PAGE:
Saving Money on Networking Infrastructure Tip #21: Use hardware suppliers that are less than 4 hours away
By David Mayberry, Go Communications System Ltd
Go Communications Systems Ltd’s (www.gocomsys.com) CEO David Mayberry provides us with tip #21 in his series to help your company save money on your networking infrastructure.
It’s not that small a world
I’m a big fan of eBay. My wife isn’t so enthusiastic, though. Despite the fact that I’ve used the site to buy loads of great things and only had any problems on two occasions, it’s those occasions she’s quick to remind me about whenever I mention it. I know the value of a quiet life, and both of the less-than-straightforward transactions happened to be with overseas suppliers, so I now make a point, whenever possible, of only dealing with UK eBayers.
If you’re a regular reader of these tips, it probably won’t surprise you to learn that there’s a parallel here with network infrastructure purchasing. Let me make one thing clear right away, though. I’m certainly not making a blanket statement ruling out all overseas or long distance purchasing. Indeed, right here at Go Communications we have a large number of very happymaintenance spares customers right around the globe who use us as their hardware supplier.
If it’s mission critical, keep it local
What I do want to say, and say loud and clear, is this: for mission critical network support, your key hardware suppliers should be local. The world may be smaller today than it was a decade or two ago, but shipping parts still takes time: generally it just isn’t feasible to get network components from a hardware supplier in one country to a customer in another in less than a day or so – and that’s when everything goes smoothly.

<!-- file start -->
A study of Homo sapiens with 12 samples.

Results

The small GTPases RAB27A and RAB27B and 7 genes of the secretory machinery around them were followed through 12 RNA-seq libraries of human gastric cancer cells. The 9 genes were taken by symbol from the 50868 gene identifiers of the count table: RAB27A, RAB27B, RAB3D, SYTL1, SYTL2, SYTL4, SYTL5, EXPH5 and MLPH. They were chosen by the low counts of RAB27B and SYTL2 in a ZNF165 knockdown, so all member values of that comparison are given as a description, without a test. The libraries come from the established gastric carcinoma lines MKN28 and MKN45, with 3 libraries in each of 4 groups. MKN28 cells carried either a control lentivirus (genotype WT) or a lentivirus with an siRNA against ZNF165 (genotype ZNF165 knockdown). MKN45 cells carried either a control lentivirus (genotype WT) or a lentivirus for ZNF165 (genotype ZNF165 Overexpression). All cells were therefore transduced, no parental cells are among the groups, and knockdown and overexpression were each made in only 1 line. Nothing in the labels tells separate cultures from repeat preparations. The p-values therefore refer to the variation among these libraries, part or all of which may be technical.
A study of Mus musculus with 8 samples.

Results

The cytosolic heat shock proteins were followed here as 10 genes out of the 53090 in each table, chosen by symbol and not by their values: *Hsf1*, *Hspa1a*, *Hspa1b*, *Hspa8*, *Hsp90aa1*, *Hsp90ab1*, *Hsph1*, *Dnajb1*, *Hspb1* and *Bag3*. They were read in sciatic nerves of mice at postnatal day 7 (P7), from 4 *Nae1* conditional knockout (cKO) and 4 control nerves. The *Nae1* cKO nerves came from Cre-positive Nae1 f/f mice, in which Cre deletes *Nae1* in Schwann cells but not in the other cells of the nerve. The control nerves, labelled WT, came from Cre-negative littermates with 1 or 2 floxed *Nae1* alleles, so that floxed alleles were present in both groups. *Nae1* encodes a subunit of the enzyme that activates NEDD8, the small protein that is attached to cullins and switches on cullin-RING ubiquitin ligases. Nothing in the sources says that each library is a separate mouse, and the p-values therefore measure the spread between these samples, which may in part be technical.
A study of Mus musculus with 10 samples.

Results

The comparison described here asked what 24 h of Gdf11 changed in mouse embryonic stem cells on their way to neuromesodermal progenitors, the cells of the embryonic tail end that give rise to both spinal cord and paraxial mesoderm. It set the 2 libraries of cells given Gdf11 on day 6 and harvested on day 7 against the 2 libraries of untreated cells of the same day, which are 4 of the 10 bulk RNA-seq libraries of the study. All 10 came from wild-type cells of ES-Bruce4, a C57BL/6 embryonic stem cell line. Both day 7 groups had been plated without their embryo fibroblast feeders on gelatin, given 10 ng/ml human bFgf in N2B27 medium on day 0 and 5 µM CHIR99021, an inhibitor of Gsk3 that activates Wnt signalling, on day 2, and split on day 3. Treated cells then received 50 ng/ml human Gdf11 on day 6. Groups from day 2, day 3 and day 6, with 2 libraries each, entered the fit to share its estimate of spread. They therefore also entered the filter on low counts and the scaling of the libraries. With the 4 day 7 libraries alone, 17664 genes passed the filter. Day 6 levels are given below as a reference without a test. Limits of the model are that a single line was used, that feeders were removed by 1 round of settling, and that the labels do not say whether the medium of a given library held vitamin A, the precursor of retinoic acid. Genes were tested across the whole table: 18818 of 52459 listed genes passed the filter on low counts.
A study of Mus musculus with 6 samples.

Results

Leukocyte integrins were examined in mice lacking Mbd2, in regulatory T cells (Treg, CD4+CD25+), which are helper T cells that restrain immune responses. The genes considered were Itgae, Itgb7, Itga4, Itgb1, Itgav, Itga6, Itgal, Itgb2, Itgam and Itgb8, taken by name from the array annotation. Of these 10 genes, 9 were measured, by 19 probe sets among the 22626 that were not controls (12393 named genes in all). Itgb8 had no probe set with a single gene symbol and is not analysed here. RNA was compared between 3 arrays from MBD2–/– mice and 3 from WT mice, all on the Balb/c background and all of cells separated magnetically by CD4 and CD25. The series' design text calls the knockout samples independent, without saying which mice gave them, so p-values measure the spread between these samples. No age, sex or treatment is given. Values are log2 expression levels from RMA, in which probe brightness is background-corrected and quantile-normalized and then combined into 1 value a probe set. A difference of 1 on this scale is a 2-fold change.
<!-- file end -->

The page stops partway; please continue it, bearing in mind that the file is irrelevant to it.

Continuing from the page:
Almost all networks have one or more mission critical segments, demanding four hour or perhaps eight hour coverage, whether that be from phone call to fix or to initial response. Whichever of the various permutations apply, your hardware supplier will have made arrangements with a local courier depot, broadly speaking centrally located between you and their other customers in the area, so that it can meet the demands of its SLAs with all those customers.
Local engineering and warehousing
That sounds good – and it is good. But it’s not enough. You need a hardware supplier, for those mission critical parts of your network, which is actually based near to you. More specifically, your hardware suppliers need to have local engineering and warehousing facilities, not just admin and sales offices.
It’s all very well having spares couriered from a local depot, but when the spare itself proves faulty or incorrectly configured for your needs (and, yes, it does happen) the backup unit or engineering resource being at the other end of the country can spell serious downtime for that mission critical network segment. Unless you feel like stumping up for your hardware supplier’s helicopter deliveries.
Build your defences
Of course, selecting a hardware supplier with local warehousing and engineering facilities doesn’t guarantee that hardware supplier will have a second spare in stock when you need it. It does at least make it possible, though. It’s a tick in a safety box, and when it comes to mission critical network segments, you want as many ticks in safety boxes as possible. Each one increases your defences against network failure and downtime.
As well as reducing the chances of serious network outages, using hardware suppliers who are local to you may well get you a better deal financially, because of their lower shipping costs. And it will all go to help make for a quiet life and reduce the danger of your being smacked over the head, verbally or otherwise, for going with the wrong hardware supplier. In my book, that’s got to be a good thing.